While we are staying with my mother in the house I grew up in, I've been working on the yard. The first thing I did was trim up these two crepe myrtles that I planted back in the early 90s. They were supposed to be dwarfs and stay somewhat shrubby, but they appear to be headed toward full size trees. One was moved when they added wheelchair accessible sidewalk corners and I'm not particularly happy with the placement. Not sure what exactly, but I'm considering adding some shrubs near them.
Next I planted a little oak leaf hydrangea in a bare spot near the garage where a hackberry tree once stood. My dad laid out this brick patio himself back in the 70s.
We used to have a wood fence behind where I planted this little fig tree — a cultivar called 'Celeste.' When the fence got terribly old and rotten, Mom just had it taken down, which made our backyard visible from the street. It's a surprising improvement and eventually the fig will provide a little natural screening.
It already has several fruits on it!
Next I began to work on gaps in the flower beds.
Mother has a weird way of expressing dislike towards her shrubs. She decided this cherry laurel (Prunus caroliniana) was "out of bounds" and started hacking it up leaving stumps protruding from all sides. Every time she passes she rips off another small section by hand. Looks weird, doesn't it?
I cleaned it up a little and put in artemisia 'Powis Castle,' lemon balm, golden sage, blackfoot daisies, moss rose and sedum 'Autumn Joy' below. Later, thinking it looked too sparse and green, I added gomphrena 'Strawberry fields,' which I remember fondly from when my friend Gelene grew it from seed at Wave Hill. Along with plenty of organic fertilizer, I also dumped in a big bag of cotton burr compost to amend her cement-like clay soil.
There are two other cherry laurel shrubs which have also been hacked to heck. I'm planning on removing this one here on the left. Our friend Carlos works for a Dallas landscaping company and has plenty of experience tearing out old shrubs so he offered to assist me. Then I'll have a whole corner to fill in next to her Ligustrum hedge.
Below the hedge there is a strip of lovely yellow Iris which bloomed beautifully this spring. I decided to fill the gaps with some other perennials using a color scheme of yellow, white and a little blue.
'Stella D' Oro' daylilies and Mexican Mint Marigold (Tagetes lucida).
Candytuft (Iberis sempervirens), yellow columbine (Aquilegia hinckleyana), and Salvia farinacea 'Victoria Blue.'
My nephew Ray helped me plant three large elephant ear bulbs which are coming up nicely.
Near the front sidewalk corner there is a large patch of various ground covers. I added three variegated liriope and some star zinnias to brighten up the edge.
In this shaded corner near the hose, I added some caladiums. I probably should've gone with white and green to better match the varigated pittosporum, but I couldn't resist the cultivar called 'Carolyn Wharton.' I have plans to place another dwarf pittosporum called 'Mojo' in the corner in front of the boxwood.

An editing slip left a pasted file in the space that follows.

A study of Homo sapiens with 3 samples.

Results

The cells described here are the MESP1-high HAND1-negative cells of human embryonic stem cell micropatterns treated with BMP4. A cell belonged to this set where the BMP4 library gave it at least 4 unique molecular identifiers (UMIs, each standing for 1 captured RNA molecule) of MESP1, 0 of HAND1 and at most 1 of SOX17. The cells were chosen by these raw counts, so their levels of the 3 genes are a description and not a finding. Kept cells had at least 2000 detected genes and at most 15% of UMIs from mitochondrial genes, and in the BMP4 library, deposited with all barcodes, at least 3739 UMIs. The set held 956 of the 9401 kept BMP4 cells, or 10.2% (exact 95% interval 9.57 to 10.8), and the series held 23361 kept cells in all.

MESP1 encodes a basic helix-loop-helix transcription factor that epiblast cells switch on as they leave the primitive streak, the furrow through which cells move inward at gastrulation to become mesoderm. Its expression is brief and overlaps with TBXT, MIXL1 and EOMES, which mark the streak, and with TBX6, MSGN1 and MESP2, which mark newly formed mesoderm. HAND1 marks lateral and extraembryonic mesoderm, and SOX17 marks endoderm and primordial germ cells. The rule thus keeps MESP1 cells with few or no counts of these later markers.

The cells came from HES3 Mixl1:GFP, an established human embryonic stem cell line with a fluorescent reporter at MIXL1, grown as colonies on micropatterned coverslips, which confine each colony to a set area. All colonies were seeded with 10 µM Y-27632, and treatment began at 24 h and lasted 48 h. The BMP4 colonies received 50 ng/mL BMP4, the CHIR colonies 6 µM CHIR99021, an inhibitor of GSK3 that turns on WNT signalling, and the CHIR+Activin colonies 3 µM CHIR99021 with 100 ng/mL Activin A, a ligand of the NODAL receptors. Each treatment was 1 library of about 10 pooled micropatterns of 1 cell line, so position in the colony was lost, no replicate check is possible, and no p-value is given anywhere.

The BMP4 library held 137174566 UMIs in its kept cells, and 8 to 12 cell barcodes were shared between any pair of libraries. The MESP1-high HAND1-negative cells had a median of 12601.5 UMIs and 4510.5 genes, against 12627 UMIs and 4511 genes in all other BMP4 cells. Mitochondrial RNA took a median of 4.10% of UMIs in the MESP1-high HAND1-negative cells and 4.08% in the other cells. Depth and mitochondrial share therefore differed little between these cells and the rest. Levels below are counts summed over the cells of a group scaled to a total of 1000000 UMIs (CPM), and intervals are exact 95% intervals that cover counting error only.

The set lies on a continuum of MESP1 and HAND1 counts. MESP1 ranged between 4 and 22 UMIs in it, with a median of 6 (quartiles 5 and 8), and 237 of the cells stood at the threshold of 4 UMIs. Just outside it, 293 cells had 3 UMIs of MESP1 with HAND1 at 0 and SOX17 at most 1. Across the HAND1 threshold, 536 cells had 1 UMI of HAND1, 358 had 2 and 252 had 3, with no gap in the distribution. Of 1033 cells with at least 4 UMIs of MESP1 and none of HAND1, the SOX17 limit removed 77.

Another gap gets some hot afternoon sun so I used Salvia greggi 'Violet,' Nepeta 'Walker's Low,' mexican heather and lavender periwinkles.
Had to have a few containers on the porch. Obviously I'm staying busy here and making good use of my employee discount at North Haven Gardens where I am a garden advisor.
Here's my little garden helper, August who loves to be outside and eat dirt.
A big winter storm left a large tree leaning against the house so we had it taken down just after we arrived in Texas. I'm pleased that they left this lovely stump.
Living far away in NYC, I longed for some time to do these kind of small improvements on the yards of my family. Soon I'll be working on my father's and sisters'.
Easter cactus (Rhipsalidopsis gaertneri) has moved outside for the summer. Just as it began blooming, I made a new hanger for it with jute string. To encourage it to bloom I move it near a cool, north facing window in the winter, but I didn't put it there until mid-January so it's flowering a little late this year.
A porch is wonderful place to enjoy being outdoors. We are fortunate to have a spacious one which faces the garden and the park across the street. We spend hours out there conversing, eating dinner, sipping drinks and watching the various goings-on in the ever lively city park.
Since we have very little space, it also doubles as a potting shed for me so it is always a bit untidy, though I try and neaten it once in a while. I recently rearranged some things to form a sort of bench for potting which motivated me to re-pot a few houseplants.
Took a bunch of indoor plants out to the porch this morning for a shower and drink of collected rain water. This one is blooming for the first time under my care. I bought it a couple of years ago at the laundromat on the corner where the owner's mother likes to grow a few random plants. I'm pretty sure it is Rhipsalidopsis gaertneri which is called easter cactus – similar to christmas cactus.